Tuberculosis Control in the 21st Century

In response to tuberculosis (TB) outbreaks in the United States in the late 1980s and early 1990s, U.S. hospitals spent tremendous resources to ensure a safer workplace. A remarkable decrease in nosocomial transmission resulted, along with a decrease in TB cases nationally. Federal standards have been promulgated to ensure a safer work environment for all U.S. workers potentially exposed to TB. However, these measures may prove costly and burdensome and thus may compromise the ability to deliver care.

A consensus that caring for patients with tuberculosis (TB) posed a risk to health-care workers did not emerge until the 1950s and 1960s, when studies established that Mycobacterium tuberculosis infection was transmitted by the airborne route. However, occupational transmission received little attention until numerous outbreaks of TB and multidrug-resistant tuberculosis (MDRTB) occurred in U.S. and European hospitals in the 1980s and 1990s.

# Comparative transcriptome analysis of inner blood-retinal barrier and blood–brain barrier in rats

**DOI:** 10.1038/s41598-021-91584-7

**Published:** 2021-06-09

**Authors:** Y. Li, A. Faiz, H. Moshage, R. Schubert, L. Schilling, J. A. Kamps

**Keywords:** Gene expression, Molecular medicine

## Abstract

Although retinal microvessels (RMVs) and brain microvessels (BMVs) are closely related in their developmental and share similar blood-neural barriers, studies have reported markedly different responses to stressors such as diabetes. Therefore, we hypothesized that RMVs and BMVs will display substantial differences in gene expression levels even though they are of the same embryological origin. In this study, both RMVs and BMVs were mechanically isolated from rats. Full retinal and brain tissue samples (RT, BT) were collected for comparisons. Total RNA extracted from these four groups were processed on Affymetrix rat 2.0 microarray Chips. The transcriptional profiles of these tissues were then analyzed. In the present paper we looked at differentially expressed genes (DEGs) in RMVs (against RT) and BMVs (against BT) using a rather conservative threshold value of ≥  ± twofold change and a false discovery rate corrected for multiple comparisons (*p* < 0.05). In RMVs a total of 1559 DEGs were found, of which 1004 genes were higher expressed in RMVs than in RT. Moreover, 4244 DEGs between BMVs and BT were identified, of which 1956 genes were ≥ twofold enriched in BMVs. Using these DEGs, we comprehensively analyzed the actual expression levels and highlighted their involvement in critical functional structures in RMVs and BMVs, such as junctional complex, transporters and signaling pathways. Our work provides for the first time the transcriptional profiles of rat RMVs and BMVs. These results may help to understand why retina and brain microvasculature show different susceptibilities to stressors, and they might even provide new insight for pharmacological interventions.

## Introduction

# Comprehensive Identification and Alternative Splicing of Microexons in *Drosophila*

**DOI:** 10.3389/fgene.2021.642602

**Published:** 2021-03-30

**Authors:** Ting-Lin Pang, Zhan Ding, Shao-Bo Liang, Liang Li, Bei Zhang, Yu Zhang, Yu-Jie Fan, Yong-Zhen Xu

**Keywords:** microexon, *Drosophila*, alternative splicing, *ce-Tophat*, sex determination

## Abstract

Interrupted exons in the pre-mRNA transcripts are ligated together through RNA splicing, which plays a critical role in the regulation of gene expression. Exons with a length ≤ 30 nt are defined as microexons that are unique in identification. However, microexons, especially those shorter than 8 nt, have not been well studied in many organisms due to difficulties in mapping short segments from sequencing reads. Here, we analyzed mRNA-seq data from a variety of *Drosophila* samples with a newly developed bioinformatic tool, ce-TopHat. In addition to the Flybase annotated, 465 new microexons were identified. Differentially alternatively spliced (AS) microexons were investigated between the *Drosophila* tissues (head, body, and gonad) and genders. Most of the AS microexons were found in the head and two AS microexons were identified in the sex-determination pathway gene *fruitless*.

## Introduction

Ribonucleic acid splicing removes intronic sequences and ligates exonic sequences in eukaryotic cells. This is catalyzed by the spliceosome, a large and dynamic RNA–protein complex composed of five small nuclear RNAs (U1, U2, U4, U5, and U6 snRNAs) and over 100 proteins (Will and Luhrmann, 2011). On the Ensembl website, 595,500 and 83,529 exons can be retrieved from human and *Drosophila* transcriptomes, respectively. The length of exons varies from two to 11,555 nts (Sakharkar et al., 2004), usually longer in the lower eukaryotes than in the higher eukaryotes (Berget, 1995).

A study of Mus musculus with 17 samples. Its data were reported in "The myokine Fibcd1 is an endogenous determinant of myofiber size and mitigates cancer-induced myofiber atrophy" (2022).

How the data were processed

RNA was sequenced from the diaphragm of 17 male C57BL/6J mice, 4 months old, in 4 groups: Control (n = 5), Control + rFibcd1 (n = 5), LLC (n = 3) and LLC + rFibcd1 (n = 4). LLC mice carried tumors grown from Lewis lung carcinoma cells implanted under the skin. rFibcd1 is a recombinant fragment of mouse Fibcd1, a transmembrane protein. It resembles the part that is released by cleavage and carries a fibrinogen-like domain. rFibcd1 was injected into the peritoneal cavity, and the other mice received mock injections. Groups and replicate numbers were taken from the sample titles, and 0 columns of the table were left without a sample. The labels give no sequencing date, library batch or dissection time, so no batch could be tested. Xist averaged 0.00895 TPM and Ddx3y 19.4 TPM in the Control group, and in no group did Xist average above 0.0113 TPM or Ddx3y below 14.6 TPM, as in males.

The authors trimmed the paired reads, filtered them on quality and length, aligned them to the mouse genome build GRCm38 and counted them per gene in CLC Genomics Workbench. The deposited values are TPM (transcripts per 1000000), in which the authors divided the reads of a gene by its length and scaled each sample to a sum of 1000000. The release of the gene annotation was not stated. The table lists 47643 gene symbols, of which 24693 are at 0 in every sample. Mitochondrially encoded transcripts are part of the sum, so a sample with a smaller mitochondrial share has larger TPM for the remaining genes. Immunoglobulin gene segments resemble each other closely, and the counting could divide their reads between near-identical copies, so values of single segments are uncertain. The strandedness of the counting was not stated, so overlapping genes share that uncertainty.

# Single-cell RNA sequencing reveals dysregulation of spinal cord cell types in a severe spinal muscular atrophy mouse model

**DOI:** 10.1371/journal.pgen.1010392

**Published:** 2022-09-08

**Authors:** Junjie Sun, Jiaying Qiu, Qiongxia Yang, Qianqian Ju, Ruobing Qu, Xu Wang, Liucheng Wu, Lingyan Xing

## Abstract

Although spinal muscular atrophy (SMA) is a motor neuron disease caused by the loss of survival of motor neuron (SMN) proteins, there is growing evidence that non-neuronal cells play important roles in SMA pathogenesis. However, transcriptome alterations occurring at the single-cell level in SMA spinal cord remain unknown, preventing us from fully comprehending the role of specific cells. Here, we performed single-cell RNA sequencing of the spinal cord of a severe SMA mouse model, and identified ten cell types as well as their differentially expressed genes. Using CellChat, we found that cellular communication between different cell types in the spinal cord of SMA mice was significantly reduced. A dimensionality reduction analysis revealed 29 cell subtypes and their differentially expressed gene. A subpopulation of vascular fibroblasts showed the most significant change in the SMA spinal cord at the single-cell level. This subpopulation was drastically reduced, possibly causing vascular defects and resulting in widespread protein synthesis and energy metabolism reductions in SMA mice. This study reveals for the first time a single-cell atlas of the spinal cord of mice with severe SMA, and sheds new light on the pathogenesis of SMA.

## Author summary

More than 20 health-care workers became ill with MDRTB, and at least 10 died. Hundreds of health-care workers may be latently infected with MDRTB and thus represent a large repository at risk for future reactivation of disease. Thus, although the MDRTB and drug-sensitive TB outbreaks in the United States and Europe have largely been controlled, the consequences of these outbreaks are still being felt. This article reviews current approaches to TB control in hospitals and prospects for improved control.